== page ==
Using data from the 2011 National Household Survey and the 2001 Census of the population, this study provides a portrait of health care professionals who offered or were able to offer services to the official minority-language population.
Latest news happening in the settlement sector of Ontario.
Here we post new publications (studies, reports), government notices and more.
The Canadian Mental Health Association (CMHA) National is hosting their second Annual National Conference in September 2017. The 2017 conference theme is It Takes a Nation and submissions for abstracts will be accepted until February 24, 2016.
The government of Ontario is reminding seniors who are turning 65 in 2017 that, starting January 1, they will be eligible to get the shingles vaccine free of charge, This will save approximately $170 and help them stay healthy.
Ontario took several new steps to strengthen public services in 2016.
The province is providing funding to a group of 10 developmental services agencies known as the Intentional Community Consortium (ICC) to develop an inclusive, community-based housing strategy for adults with developmental disabilities. The ICC is guided by a vision of creating housing options in communities across Ontario while leveraging collaborative partnerships.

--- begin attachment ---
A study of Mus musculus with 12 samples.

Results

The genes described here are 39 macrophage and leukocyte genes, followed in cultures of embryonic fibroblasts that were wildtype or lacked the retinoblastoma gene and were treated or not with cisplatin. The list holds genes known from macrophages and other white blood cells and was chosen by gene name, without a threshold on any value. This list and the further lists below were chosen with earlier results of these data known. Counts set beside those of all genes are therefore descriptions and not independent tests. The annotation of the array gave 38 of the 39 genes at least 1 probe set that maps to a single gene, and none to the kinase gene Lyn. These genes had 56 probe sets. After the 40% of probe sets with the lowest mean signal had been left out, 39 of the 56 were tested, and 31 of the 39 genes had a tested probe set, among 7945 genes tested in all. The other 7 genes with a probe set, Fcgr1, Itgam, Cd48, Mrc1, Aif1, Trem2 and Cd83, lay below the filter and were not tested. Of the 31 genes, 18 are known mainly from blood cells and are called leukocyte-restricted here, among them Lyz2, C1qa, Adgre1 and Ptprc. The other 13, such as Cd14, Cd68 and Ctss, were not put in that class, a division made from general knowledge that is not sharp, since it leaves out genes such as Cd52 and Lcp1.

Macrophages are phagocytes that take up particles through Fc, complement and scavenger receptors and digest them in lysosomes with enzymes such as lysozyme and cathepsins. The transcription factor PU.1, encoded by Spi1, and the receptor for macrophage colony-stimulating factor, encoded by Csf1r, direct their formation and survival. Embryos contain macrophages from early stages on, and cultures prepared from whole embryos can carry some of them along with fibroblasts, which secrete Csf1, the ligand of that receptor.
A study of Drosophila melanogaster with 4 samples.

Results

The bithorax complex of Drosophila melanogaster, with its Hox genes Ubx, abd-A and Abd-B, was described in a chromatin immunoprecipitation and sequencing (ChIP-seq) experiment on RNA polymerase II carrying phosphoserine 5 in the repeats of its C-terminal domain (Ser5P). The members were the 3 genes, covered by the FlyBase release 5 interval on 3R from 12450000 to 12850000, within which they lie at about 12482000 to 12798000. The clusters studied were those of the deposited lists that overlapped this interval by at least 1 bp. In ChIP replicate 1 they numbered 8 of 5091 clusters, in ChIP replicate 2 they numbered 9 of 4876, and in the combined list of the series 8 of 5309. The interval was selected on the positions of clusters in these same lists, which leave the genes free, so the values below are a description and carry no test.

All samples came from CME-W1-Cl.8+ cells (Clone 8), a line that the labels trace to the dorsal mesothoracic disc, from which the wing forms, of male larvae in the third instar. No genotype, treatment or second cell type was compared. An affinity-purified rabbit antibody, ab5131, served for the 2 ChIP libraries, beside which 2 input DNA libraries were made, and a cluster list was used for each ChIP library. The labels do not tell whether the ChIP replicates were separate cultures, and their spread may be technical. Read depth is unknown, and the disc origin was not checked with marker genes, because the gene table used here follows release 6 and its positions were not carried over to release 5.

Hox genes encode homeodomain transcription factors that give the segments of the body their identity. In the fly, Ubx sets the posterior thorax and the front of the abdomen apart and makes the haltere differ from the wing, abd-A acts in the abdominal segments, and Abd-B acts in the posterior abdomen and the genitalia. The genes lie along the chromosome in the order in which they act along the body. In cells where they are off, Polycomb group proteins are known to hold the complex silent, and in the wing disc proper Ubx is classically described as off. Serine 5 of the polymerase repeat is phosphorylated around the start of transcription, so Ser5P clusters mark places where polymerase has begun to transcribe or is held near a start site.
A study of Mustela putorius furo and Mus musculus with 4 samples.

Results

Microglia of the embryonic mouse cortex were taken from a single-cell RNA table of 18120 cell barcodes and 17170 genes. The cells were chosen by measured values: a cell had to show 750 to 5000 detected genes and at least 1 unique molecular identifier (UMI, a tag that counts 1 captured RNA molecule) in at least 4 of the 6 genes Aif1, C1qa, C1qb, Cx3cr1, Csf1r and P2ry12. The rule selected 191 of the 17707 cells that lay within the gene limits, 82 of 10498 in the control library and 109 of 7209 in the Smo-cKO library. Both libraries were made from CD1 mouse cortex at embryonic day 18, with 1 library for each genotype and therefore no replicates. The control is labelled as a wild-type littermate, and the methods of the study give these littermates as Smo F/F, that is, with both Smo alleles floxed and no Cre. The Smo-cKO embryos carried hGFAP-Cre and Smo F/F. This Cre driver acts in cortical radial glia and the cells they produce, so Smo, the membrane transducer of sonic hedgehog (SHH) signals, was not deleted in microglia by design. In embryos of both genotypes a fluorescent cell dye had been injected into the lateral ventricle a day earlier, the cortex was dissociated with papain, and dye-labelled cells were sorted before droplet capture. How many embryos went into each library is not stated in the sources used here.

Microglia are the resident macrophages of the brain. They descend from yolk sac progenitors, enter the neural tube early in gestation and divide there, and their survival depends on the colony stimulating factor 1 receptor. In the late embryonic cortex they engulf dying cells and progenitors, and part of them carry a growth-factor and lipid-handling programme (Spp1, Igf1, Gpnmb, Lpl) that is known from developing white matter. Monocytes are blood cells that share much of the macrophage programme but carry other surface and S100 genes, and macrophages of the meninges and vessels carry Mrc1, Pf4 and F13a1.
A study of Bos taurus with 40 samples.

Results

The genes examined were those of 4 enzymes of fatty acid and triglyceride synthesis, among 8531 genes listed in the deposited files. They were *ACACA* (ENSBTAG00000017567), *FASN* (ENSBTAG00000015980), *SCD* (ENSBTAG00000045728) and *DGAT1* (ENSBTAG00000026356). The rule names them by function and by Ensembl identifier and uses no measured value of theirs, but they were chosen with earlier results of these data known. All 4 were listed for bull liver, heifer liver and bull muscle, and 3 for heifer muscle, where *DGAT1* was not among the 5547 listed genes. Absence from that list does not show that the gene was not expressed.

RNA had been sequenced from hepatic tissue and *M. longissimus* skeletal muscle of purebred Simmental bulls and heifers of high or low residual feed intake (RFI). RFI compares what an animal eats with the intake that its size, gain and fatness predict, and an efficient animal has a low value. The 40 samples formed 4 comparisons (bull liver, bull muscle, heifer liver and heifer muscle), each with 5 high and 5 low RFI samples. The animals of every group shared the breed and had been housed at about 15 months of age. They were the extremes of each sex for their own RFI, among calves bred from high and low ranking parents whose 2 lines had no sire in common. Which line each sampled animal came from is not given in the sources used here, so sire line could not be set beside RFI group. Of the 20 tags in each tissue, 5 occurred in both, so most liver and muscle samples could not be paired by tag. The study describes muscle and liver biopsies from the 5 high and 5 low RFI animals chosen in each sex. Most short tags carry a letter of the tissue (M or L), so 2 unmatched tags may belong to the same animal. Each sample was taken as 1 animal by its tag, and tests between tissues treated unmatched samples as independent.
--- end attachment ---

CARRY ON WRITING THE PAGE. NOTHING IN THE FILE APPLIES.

With the arrival of winter and cold temperatures, the Guelph & Wellington Task Force for Poverty Elimination brought partners together to introduce a community cold weather response for people experiencing homelessness.
The Law Society of Upper Canada has approved the final report by the Challenges Faced by Racialized Licensees Working Group. It provides 13 recommendations to address issues of systemic racism in the legal professions.
This recorded webinar explores the critical role that information and communications technology (ICT) plays in improving the lives of refugees.
The government's plan to reduce time-to-trial and improve the bail system aims to enhance public safety by speeding up the resolution of criminal cases and making more supports and supervision available to vulnerable, low-risk individuals who come in contact with the law.
As of January 1, 2017, a new regulation comes into effect that will prohibit police from requesting identifying information arbitrarily, or based on a person's race or presence in a high-crime neighbourhood during certain police-public interactions.